Here are my latest Edmonton notes!
Mayor Iveson pledges to end homelessness this fall
Mayor Don Iveson amped up his messaging around ending homelessness this week, saying that city council is "all in" and that he would do "whatever it takes" to deliver dignified shelter for all people by the end of the month.
While the ambition to end homelessness is nothing new, the urgency certainly seems to be. Five years ago, the mayor was talking about eliminating poverty "within a generation." While EndPovertyEdmonton is about much more than housing, that is a big part of it.
Now we’re talking about less than a month. That’s no doubt because of the throne speech, which included "an historic commitment ‘completely eliminate chronic homelessness’" in Canada. The promise of federal money seems to have opened the door, and COVID-19 has made it potentially more affordable (the pandemic has also compounded Canada’s housing crisis, as FCM states, better exposing the problem).
Not that cost has ever really been a barrier. As a society we’ve long had the ability to completely eliminate chronic homelessness, but instead of spending less upfront to prevent the problem we’ve spent more after the fact to manage it. That’s true at all levels of government.
Here in Edmonton, we spend well over $400 million every year on policing. It’s perhaps the single largest line-item in the municipal budget. This summer, the suggestion that we take some of that money and spend it on housing instead came up repeatedly. Councillor Michael Walters had something really interesting to say about this in the latest episode of Speaking Municipally (around the 38 minute mark):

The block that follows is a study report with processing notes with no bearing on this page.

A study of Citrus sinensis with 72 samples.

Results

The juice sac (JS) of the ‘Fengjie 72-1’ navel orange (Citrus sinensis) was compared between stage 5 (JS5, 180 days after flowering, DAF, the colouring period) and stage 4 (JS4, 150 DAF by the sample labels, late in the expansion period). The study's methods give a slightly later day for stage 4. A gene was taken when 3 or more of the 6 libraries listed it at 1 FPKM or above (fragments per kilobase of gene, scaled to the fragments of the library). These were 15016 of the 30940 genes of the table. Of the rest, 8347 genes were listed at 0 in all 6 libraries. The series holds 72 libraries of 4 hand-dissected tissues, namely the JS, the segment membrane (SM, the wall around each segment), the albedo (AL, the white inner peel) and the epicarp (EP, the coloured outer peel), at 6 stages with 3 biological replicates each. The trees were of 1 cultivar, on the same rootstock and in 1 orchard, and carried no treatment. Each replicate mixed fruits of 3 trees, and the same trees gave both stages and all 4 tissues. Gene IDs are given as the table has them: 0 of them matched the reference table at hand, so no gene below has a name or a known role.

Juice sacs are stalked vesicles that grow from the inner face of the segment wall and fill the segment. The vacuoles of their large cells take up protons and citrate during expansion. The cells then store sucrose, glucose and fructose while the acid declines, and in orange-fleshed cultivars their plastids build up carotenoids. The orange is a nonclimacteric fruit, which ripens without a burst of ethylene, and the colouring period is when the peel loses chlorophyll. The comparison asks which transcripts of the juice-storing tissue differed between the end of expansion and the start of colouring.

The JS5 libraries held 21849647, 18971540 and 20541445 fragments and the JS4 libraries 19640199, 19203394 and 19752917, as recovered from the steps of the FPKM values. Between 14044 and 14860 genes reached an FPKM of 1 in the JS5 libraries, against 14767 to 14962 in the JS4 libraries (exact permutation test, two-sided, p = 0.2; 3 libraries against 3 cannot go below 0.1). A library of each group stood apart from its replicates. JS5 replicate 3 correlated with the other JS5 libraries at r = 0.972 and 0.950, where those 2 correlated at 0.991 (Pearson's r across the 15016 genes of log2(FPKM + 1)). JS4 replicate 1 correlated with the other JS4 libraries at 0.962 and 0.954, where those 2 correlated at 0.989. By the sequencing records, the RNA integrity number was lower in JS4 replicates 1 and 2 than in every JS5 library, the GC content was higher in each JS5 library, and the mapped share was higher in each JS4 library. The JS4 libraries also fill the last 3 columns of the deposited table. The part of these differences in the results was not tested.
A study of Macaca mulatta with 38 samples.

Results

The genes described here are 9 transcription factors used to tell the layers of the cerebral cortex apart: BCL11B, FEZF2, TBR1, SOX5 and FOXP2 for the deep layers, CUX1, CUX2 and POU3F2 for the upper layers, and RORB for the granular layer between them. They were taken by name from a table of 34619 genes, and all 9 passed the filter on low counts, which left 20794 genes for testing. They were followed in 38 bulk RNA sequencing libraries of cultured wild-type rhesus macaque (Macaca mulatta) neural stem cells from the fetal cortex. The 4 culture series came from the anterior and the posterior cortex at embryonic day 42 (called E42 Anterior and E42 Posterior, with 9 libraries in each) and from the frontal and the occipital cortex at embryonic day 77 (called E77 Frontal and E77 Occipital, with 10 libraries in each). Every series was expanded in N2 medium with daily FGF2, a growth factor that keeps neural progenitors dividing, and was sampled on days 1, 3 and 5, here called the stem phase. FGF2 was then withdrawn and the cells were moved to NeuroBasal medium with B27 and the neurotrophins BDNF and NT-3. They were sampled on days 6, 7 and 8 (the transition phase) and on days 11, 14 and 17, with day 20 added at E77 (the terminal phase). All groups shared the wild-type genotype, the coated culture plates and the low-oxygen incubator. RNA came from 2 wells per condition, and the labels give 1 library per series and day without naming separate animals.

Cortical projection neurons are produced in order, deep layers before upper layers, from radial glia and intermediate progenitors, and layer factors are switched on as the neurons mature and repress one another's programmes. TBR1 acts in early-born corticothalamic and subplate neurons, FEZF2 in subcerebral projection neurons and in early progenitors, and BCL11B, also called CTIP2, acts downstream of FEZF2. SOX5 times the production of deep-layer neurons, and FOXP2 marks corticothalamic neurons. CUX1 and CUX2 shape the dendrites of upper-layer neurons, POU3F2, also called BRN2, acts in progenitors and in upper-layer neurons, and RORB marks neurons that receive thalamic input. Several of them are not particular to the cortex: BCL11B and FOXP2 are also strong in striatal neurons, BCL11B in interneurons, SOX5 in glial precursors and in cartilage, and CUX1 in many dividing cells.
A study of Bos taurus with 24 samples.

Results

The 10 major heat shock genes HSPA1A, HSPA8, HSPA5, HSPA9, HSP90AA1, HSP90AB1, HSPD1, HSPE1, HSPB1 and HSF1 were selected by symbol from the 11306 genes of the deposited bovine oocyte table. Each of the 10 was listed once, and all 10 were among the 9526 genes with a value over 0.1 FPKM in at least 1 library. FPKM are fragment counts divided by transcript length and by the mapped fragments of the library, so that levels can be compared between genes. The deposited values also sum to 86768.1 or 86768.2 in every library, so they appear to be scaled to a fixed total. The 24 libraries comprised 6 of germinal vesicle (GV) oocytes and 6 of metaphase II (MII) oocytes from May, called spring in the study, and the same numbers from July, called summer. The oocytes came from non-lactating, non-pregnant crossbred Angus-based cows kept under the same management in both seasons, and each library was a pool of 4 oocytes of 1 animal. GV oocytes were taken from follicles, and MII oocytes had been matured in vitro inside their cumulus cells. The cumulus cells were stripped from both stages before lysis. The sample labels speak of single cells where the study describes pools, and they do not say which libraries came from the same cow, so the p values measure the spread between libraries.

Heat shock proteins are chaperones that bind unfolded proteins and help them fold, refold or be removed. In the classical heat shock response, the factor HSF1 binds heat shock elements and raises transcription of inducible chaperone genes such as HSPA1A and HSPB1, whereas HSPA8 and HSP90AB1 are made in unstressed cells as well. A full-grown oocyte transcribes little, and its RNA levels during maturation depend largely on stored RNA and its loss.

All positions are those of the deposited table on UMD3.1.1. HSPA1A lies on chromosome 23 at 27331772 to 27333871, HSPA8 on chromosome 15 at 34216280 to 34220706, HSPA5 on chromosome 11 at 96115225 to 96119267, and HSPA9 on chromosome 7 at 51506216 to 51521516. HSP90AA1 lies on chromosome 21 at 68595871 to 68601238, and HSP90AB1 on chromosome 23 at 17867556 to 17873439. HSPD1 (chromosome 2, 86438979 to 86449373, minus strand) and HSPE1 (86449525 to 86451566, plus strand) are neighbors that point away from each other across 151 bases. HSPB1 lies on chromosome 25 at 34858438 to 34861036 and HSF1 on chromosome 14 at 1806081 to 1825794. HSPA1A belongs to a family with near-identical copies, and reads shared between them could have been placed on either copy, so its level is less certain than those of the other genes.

"It could go to housing, we could do that, that makes sense to me," he said. "But then we’re into this jurisdictional problem where the more we take on with our property tax base when its provincial jurisdiction, that’s the money we’re never going to get from the Province, ever…that’s the challenge."
There’s a window of opportunity now to address this important challenge with support from the federal government, avoiding the issue Walters mentioned with the provincial government. Just in time too, as the temperature continues to drop.
Other recent headlines
- The Edmonton City as Museum Project hosted an "ECAMPing Trip" on Thursday focused on Edmonton’s identities. The entire video is full of interesting information, including the connection to rail in the reason why EIA’s airport code is YEG and not YED. The section on YEG starts around 1 hour, 4 minutes and includes a shoutout to me for the first #YEG tweet.
- The Association for Canadian Studies suggests that of six Canadian urban centres survey, Edmonton is seeing the most people avoiding downtown. That’s concerning for lots of reasons, though it’s not clear why more people are avoiding downtown here. Lots of folks are working from home, and many businesses downtown remain closed. I think all the construction probably doesn’t help.
- Speaking of downtown, The Works has setup a multi-site exhibit called Context is Everything featuring about 1,600 handmade dandelions inside different buildings and behind windows. "The dandelion is such a great symbol of strength and perseverance and resilience — and not yielding because it doesn’t care where it goes," said Saskatoon artist Monique Martin. The exhibit is up for the rest of the month, so that’s a good reason to explore.
For more recent headlines, check out the latest from Taproot Edmonton.